Atlanta Journal, MORGAN BLAKE, January 28, 1945
A Remarkable Meeting at City Prison
THE OTHER NIGHT I participated in one of the most remarkable meetings I ever attended. It was at the City Prison, of which that grand gentleman, humanitarian and splendid prison executive, H. H. Gibson, is the superintendent. Mr. Gibson has revolutionized conditions at this place. When I first started visiting the prison many years ago to talk to men there, it was hardly fit for hogs. Now it is a clean, sanitary place, with good food and sympathetic and kindly guards and attendants.
Some sixteen members of Alcoholics Anonymous were guests of Mr. Gibson for supper, after which they put on a program attended by 103 of the prisoners, practically all of them chronic alcoholics. Only a small per cent of these men were there on any other charge than public drunkenness. They spend their days in and out, and in and out again.
Many of the 16 members of Alcoholics Anonymous had themselves served terms in this very prison, and also in many other jails and prisons of this country for drunkenness. They are men who through affiliation with Alcoholics Anonymous have finally rid themselves of the terrible disease that doctors cannot cure. They were at the prison for no other purpose but to be of help to their fellow men, who are still held with iron chains by John Barleycorn.
Straight From the Shoulder
Three former alcoholics now well established in business and whose homes are now happy and secure, represented the group as speakers. They spoke the language the man in prison understood. They pulled no punches in telling of the degraded lives they had lived before conquering their affliction. And they told how they had found the cure. They had asked me to close the meeting with a brief talk and they had created an atmosphere that was just right for what I had to say.
One of the most difficult audiences to reach and hold to one like this. But these prisoners were simply moved by what their former comrades of booze told them.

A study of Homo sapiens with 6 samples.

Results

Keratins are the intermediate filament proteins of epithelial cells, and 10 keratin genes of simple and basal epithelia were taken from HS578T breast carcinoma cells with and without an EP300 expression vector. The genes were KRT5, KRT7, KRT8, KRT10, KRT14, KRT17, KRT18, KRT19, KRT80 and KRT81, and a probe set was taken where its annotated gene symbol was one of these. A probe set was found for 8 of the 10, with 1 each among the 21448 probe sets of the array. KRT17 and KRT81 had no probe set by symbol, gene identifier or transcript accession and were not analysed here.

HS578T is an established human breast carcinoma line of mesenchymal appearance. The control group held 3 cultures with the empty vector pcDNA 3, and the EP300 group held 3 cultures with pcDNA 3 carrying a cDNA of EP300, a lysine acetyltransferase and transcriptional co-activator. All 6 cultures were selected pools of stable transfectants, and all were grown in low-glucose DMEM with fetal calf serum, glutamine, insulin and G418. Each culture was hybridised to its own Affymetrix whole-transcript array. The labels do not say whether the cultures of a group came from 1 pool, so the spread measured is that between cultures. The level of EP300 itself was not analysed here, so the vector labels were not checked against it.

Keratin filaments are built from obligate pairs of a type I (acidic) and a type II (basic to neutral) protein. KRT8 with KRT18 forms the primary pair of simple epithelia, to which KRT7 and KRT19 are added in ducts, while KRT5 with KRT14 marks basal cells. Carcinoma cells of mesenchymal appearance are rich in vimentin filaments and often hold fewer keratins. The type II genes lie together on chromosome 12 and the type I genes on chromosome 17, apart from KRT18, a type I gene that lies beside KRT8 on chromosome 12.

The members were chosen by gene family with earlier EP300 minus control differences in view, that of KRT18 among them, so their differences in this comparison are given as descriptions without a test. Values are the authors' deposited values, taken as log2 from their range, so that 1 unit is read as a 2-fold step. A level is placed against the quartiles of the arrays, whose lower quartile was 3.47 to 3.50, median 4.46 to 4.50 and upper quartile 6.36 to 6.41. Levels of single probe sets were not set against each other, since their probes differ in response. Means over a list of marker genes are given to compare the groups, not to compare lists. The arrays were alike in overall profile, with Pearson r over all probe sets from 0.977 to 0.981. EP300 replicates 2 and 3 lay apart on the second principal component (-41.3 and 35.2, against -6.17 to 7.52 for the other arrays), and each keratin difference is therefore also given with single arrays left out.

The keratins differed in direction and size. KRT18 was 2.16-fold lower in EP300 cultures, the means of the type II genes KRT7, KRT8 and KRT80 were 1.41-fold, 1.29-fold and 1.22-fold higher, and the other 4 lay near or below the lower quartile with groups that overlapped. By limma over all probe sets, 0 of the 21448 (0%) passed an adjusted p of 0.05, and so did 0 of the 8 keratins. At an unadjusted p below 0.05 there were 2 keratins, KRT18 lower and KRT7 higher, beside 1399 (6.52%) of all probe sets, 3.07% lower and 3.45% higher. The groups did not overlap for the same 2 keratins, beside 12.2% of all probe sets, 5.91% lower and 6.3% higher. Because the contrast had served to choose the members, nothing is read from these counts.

Alcoholics Anonymous, of course, has many failures. There is no magic connected with it. Many scoundrels have imposed upon its good will and sincere efforts to help. But there have been some glorious victories.
What Will The Harvest Be?
At the conclusion, the master of ceremonies asked the prisoners if they desired to quit drinking. All raised their hands, and most of them declared they were going to get in touch with Alcoholics Anonymous after they got out.
Well, you may ask, will there be any beneficial results from the meeting? I believe there will be. I believe that three, maybe five, lives will be permanently changed because of it, and that many more will begin to consider seriously their condition and ultimately be cured.
Three is not many out of 103, you may say. My friends, if because of that meeting, three chronic drunks are changed into constructive citizens, if three homes heretofore miserable, will be made happy again, I say it will be a glorious victory, or even one, for that matter.
These meetings at City Prison by Alcoholics Anonymous will be held every two weeks. I foresee wonderful results.
Today I am going again to this prison for a religious service with the Agoga Bible class evangelistic team. After my experience with the men the other night I believe I will have a sympathetic hearing today when I tell them the old old story.
A Group at Federal Prison
You may be interested to know that a group of Alcoholics has been formed at the Federal Prison composed of eighty to ninety men. Some members of Atlanta’s group meets with them each Sunday. Two weeks from today they have asked me to meet with them. It will be a joyous privilege.
Not a day passes but that broken-hearted mothers and wives call me about their drunken sons and husbands and ask me to get help to them. Let me repeat again that there is no magic to Alcoholics Anonymous. The group cannot help any drunkard who does not want to quit. The invitation to help must come from the afflicted party. The group never butts into anybody’s business or privacy unless requested.